Mengoba Brezo Rosado is a blend of Mencia with a touch of Gordello. The varieties are crushed together and macerated for 24 hours before pressing.
The nose of Bodegas Mengoba Brezo Rosado smells of red apple, jelly, raspberries with some mature dry leaves and tobacco.
Mengoba Brezo Rosado has an intense nectarine and peach character up front. There is zesty acid and an umami finish.
Drinking Mengoba Brezo Rosado gives elements of fresh rose and mature red wine.
Bodegas Mengoba Brezo Rosado Mencia Godello 2014, and all wines are eligible for at least 5% off any six bottles. And 10% off any 12 bottles. Some wines will be at a more significant discount and not subject to further discounts.
Bodegas Mengoba is a beautiful collection of old, high altitude, goblet trained, organically grown plots in Bierzo. This is the key to the quality of Mengoba’s wines. The Mengoba Brezo wines are a great entry point. Stepping up to the estate wines, then single vineyard releases really capture the essence of the region. Both reds from Mencia and whites from Godello and Dona Blanco are seriously impressive.
Continental climate and high altitude vineyards combined with schist laden soils mean these wines are elegant, fine and perfumed. Easily some of the best wines in Spain.
Mencia is similar to Cabernet Franc in flavour, weight and structure. Mencia makes stunning wines from Bierzo, Valdeorras and surrounding regions. Highly aromatic, refreshing acids, nice texture, the top wines can improve with age. There is a lot to love.
Godello is an unheralded white for Galicia in Spain. It offers a wonderful silky texture and a beautiful array of sweet aromas. It is a variety that you do need to know.
Spain is probably more famous for the wines from the hot and dry parts. But the diversity of wine is equal to any country. And Spanish wine is a legitimate threat to the Australian wine market, with their dry-grown, old-vines able to produce the same quality as anything in Australia. If they were allowed to irrigate, they could release more wine at significantly less than any Australian equivalent.
The styles to try as a wine lover include Old school Rioja (leave them for 50 years, though, please!). Real Sherry, from Jerez, seriously try this stuff. Mencia from Bierzo and surrounds. Cava – if you thought Prosecco was poor man’s Champagne, well, good Cava makes Prosecco taste like Schweppes Mineral Water. And there are more amazing terroir wines across Spain.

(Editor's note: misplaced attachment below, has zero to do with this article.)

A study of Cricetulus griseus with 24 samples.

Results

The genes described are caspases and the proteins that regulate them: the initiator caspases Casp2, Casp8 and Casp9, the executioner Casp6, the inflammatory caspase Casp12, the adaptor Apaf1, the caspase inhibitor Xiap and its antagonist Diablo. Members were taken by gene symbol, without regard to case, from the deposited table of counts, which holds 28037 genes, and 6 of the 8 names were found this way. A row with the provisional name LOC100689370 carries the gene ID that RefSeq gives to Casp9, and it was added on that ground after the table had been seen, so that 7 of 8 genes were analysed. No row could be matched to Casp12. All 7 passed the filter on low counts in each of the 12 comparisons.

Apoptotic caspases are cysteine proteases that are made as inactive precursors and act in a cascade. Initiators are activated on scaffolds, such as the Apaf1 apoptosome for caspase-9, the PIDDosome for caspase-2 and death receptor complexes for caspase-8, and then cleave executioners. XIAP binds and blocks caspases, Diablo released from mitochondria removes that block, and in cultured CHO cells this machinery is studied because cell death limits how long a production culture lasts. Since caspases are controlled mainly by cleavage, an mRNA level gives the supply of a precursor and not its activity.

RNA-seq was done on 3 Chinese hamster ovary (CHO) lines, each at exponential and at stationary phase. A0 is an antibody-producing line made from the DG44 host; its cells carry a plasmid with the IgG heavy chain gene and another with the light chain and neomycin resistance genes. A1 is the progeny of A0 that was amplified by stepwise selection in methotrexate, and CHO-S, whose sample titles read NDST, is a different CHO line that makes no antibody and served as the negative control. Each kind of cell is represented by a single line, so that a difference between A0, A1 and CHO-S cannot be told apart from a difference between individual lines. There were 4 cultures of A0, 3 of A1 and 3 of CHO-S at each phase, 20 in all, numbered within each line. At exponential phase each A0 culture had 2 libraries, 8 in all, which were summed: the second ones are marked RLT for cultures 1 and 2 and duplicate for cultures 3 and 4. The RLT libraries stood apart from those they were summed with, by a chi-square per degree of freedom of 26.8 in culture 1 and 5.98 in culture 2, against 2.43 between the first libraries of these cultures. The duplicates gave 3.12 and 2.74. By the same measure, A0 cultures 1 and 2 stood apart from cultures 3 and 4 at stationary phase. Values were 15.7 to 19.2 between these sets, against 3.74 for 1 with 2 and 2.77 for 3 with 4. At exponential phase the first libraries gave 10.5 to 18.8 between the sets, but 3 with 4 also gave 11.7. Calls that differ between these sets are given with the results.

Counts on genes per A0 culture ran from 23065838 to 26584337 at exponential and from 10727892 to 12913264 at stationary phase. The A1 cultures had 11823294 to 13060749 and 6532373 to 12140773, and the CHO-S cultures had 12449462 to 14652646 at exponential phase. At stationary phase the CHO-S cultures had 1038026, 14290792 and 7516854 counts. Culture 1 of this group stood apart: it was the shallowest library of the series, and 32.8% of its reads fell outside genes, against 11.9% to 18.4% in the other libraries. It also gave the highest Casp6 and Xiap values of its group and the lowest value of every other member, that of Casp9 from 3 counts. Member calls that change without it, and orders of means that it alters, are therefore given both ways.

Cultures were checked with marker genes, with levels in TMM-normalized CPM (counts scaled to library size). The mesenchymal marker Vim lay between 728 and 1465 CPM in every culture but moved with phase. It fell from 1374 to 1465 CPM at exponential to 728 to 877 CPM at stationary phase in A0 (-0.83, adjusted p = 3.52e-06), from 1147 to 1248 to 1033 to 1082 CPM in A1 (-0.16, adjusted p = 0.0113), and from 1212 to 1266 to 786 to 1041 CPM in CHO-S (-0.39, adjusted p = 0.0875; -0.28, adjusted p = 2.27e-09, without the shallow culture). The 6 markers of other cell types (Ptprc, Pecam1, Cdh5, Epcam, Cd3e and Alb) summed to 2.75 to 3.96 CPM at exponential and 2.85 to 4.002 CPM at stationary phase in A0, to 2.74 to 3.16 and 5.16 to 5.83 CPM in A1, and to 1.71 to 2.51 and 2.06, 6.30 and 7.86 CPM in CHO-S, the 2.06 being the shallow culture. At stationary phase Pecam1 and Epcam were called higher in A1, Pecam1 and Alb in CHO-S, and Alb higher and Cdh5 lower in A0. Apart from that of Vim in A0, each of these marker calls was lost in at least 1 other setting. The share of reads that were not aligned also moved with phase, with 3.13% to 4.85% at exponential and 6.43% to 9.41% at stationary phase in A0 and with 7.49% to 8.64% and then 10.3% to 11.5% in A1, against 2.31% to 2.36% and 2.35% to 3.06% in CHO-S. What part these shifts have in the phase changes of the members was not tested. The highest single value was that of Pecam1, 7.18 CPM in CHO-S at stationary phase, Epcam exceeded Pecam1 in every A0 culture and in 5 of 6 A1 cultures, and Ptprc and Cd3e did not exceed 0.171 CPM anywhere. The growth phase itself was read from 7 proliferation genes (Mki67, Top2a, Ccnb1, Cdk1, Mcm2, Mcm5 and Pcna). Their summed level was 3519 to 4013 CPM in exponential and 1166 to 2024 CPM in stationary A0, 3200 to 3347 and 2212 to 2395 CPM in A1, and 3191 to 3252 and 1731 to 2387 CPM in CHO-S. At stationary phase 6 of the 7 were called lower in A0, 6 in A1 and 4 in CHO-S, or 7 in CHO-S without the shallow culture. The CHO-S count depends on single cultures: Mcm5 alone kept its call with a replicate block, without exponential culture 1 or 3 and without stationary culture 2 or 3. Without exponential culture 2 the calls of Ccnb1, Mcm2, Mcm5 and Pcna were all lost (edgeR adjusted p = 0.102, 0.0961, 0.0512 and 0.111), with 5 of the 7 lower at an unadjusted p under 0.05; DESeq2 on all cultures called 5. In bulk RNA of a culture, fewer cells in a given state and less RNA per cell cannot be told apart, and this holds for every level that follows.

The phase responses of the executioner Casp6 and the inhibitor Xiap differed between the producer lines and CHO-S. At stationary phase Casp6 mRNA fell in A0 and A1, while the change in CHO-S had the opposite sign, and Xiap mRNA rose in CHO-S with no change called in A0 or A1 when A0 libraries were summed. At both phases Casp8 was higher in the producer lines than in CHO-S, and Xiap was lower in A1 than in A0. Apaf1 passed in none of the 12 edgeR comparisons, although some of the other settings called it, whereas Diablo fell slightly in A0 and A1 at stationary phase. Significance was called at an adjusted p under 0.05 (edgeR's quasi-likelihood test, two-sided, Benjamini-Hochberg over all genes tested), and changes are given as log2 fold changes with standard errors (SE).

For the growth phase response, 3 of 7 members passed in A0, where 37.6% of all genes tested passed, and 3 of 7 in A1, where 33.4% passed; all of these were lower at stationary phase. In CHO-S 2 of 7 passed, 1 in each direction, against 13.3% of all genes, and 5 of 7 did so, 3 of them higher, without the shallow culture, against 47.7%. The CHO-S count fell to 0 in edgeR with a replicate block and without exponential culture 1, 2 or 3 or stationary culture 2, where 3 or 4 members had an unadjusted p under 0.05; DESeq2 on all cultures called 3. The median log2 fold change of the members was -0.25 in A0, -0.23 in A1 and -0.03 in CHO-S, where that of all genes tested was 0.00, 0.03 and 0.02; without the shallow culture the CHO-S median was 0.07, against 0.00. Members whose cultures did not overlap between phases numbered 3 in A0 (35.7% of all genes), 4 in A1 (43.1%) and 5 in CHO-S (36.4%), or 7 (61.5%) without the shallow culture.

Rose in Europe is like water. It is everywhere, and everyone drinks it. In Australia, Rose has been a second class citizen, often seen as a compromise between white and red. This is not the case at all. Rose is wine style in its own right. It can be still or sparkling. Dry (bone dry!) or sweet. It can be simple or complex. It can be young drinking, or some Rose can age for a long, long time. If you write off Rose, then you are the one missing out.
Rose can be achieved by leaving red grapes on skins for a shorter amount of time. The Saignee (to bled) method sees juice run off the concentrate the liquid to skin ratios. Tache (stain) is a common way to make sparkling Rose, adding a dash of red wine to a white base.
The grape used to make Rose drives the style. Grenache, Pinot Noir, Sangiovese, Nebbiolo are all classic examples. And as you might imagine, they are all quite different in flavour and structure.
Champagne Rose is a delight; some can taste like Red Burgundy with bubbles. Southern France, especially Bandol, excel at top level Rose. Spanish and Italian Rose are often worth seeking for more casual drinking.
Wine is the result you get from fermented grape juice. There is proof of wine production dating back 8000 years ago. Fashions, innovations and many other factors have influenced the way wine has evolved over the years.
The wine grape is impressive. It contains everything you need to make grape wine except for the yeast, which lives on the outside of the skins.
Human inputs can influence the final product, including the viticulture (growing) choices. And the winemaker can shape the wine to a point too.
The best wines of the world often refer to terroir. Terroir is a French term that refers to all the climatic, geological and topographical influences on a specific piece of land. And it is true that neighbouring vineyards, grown identically, can taste noticeably different.
The Wine Depository
I, Phil, have been running The Wine Depository since 2011. The Wine Depository exists to make sure you are drinking the good wines. You can browse and pick what is interesting to you. Or you can make contact with me. I’ll make sure you get what you want, to your palate, to your budget and to your door.